Few methods of preserving food are as easy as freezing. But while cold temperatures slow the deterioration of foods, they do not stop the process entirely. Freezing can also damage the cells of many foods. The ideal temperature is about 0F. At this temperature, foods freeze quickly. Freezers that are too warm (between 25 and 31F) take too long to freeze food, causing large ice crystals to form on the food and give frozen food a poor texture.

To prepare food for freezing
Cool hot food to room temperature (at least) before freezing. Cold food freezes faster, and putting hot food into your freezer can thaw adjacent foods and raise your freezer's temperature.

To freeze food faster
Set food on the lowest shelf in the freezer, where the temperature is lowest and the food will freeze more quickly than it will on a higher shelf, where the temperature is likely to be slightly warmer. Leave some room around the food for cold air to circulate. Once food is frozen solid, it can be moved to another shelf. Also, avoid overfilling your freezer. Keep it too full can increase the temperature.

To organize your freezer
Designate sections of the freezer for categories of food. Aside from ice cubes and ice cream, the big four are proteins, vegetables and fruits, baked goods, and prepared foods. If you have room, it's also helpful to keep one section empty for quickly chilling or freezing foods.

To conserve freezer space
Store food in plastic freezer bags rather than in rigid plastic containers. Use zipper-lock bags designed for freezing. Other plastic bags are gas permeable, allowing oxygen into the bag, which will cause the food to deteriorate more rapidly. Plastic freezer bags save space and help preserve quality by allowing only a minimum of oxygen to touch the food. Label the bag with the contents and the date. When possible, use the chart on the opposite page to jot down the "expiration date". Place the food in the bag, close it to within 1/2 inch, insert a straw into the opening, and suck out as much of the air from the bag as you can. Now, with the dexterity of a sleight-of-hand artist, slip out the straw and close the bag without letting any air back in. When freezing raw meats, press out excess with your hands instead of using a straw.

To make your freezer easier to clean
Line the floor of the freezer with foil, being careful not to cover the fan vent, which would cause the freezer to overheat.

To prevent freezer burn
Store food in zipper-lock plastic bags designed specifically for freezer use. Or store it in non-permeable plastic wrap on in plastic containers. Freezer burn happens when the moisture on the surface of food evaporates. It also helps to squeeze out as much air as possible from the bag, plastic warp, or container before sealing.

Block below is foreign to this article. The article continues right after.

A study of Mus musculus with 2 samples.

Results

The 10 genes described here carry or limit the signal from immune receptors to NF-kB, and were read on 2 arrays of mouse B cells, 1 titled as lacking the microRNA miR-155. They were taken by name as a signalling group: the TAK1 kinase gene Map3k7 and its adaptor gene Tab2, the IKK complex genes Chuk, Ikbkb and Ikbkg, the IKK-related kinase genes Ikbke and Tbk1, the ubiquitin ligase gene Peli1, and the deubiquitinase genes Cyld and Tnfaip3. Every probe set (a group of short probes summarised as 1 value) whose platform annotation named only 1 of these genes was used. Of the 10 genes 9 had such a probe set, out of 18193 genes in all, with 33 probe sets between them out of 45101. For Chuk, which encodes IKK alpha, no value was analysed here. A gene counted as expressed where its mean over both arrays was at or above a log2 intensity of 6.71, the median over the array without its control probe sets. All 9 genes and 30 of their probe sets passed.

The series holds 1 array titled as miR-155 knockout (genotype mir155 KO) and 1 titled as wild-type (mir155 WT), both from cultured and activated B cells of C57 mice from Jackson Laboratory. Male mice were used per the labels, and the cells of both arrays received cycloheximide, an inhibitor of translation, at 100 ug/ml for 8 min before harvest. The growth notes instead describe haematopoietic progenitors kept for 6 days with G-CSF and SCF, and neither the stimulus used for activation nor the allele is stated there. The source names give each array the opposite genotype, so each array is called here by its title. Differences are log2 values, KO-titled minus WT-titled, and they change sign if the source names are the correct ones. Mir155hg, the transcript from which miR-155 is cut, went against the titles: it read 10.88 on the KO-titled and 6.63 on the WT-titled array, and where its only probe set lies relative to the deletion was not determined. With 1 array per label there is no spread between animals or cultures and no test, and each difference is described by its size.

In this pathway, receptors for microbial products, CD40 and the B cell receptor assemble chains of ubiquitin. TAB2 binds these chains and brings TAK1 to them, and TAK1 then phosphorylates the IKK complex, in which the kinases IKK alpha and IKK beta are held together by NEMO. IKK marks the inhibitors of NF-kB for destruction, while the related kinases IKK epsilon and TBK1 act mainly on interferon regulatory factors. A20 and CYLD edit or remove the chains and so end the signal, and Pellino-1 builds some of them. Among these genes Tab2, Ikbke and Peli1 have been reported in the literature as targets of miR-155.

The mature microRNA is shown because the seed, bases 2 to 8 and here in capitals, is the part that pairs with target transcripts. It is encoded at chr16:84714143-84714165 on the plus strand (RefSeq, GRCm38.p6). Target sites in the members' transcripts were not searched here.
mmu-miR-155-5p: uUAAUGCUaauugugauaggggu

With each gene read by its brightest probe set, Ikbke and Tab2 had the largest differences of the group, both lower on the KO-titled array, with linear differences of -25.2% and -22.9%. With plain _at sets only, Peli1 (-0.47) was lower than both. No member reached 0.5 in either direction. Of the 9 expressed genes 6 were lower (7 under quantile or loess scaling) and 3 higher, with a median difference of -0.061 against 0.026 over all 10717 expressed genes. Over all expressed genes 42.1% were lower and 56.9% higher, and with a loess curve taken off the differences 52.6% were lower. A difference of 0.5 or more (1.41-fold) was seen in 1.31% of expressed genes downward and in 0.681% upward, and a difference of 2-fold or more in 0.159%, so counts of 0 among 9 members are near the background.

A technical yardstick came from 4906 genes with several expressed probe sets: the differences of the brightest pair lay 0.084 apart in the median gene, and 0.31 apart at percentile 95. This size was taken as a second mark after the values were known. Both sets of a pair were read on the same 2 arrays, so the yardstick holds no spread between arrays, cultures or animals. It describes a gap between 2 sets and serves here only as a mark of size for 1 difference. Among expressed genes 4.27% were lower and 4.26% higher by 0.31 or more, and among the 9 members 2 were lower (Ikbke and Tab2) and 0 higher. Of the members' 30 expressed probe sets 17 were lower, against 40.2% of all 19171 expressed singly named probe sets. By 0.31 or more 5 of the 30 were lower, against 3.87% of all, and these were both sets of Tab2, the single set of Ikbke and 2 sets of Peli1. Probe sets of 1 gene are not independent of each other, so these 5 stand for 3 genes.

To know whether or not frozen food has deteriorated
The color of food should not have changed dramatically. If it has, the food has probably been frozen too long. If the surface of the food looks dry and is covered with pale gray spots, it likely has freezer burn. Frost on food indicates that food was frozen too slowly or that it has partially thawed and refrozen.

To keep vegetables from turning brown in the freezer
Blanch vegetables before freezing will help to ensure that your vegetables will stay green instead of turning brown.

To freeze meat
Remove meats from their packaging and wrap tightly in good-quality freezer paper. Heavy-duty plastic bags work well too, but be careful not to let any bones puncture the plastic. A moisture-proof wrap (not the flimsy plastic on packaged meats) will protect food from the drying effects of the freezer and help prevent freezer burn.

To easily cut thin slices of raw meat
Partially freeze the meat or poultry. Use a sharp serrated knife to slice or "saw" off wafer-thin slices. These are ideal for stir-fries. The meat can then be marinated, and it will thaw quickly.

To freeze individual pieces of food
Cookies, unbaked cookie dough, chicken pieces, meatballs, berries, or individual pastries are best placed on a rimmed baking sheet and frozen uncovered until firm. Then, transfer to zipper-lock freezer bags and store. This keeps the individual pieces from sticking together as they freeze, making it easier to use a portion without defrosting the entire bag.

To use empty freezer space
On the off chance that your have an extra freezer or empty freezer space, here's what to put there. Flour, especially whole grain flour, it is a good choice because it goes rancid quickly at room temperature. (If storing flour for longer than a few weeks, put it in tightly closed plastic bags before freezing.) Dried herbs are another good choice; you can extend their shelf life indefinitely by keeping them in the freezer. Keep a small amount in your spice rack for immediate use and store the rest frozen in zipper-lock plastic bags. Nuts are another freezer contender. Like anything containing oil, they will become rancid in time, and freshness can be prolonged by freezing. To use frozen nuts in baking, bring them to room temperature first by warning in a 250F oven for a few minutes.

To safely thaw frozen food
Allow frozen foods to thaw in the refrigerator rather than on a counter-top. Alternatively, if the food has not been frozen in a zipper-lock plastic bag, transfer it to one, and put the bag into a large bowl of cool water. This will help to quickly thaw the frozen food.

To defrost meats
The greatest lie ever perpetrated by cookbooks authors is "defrost overnight in the refrigerator". Almost nothing defrosts overnight in a refrigerator. A frozen chicken would be better used for bowling than dinner after 12 hours in a fridge. A turkey might defrost over the week in the refrigerator, but not overnight. Defrosting frozen meats in the refrigerator takes at least 24 hours and more often 48 hours.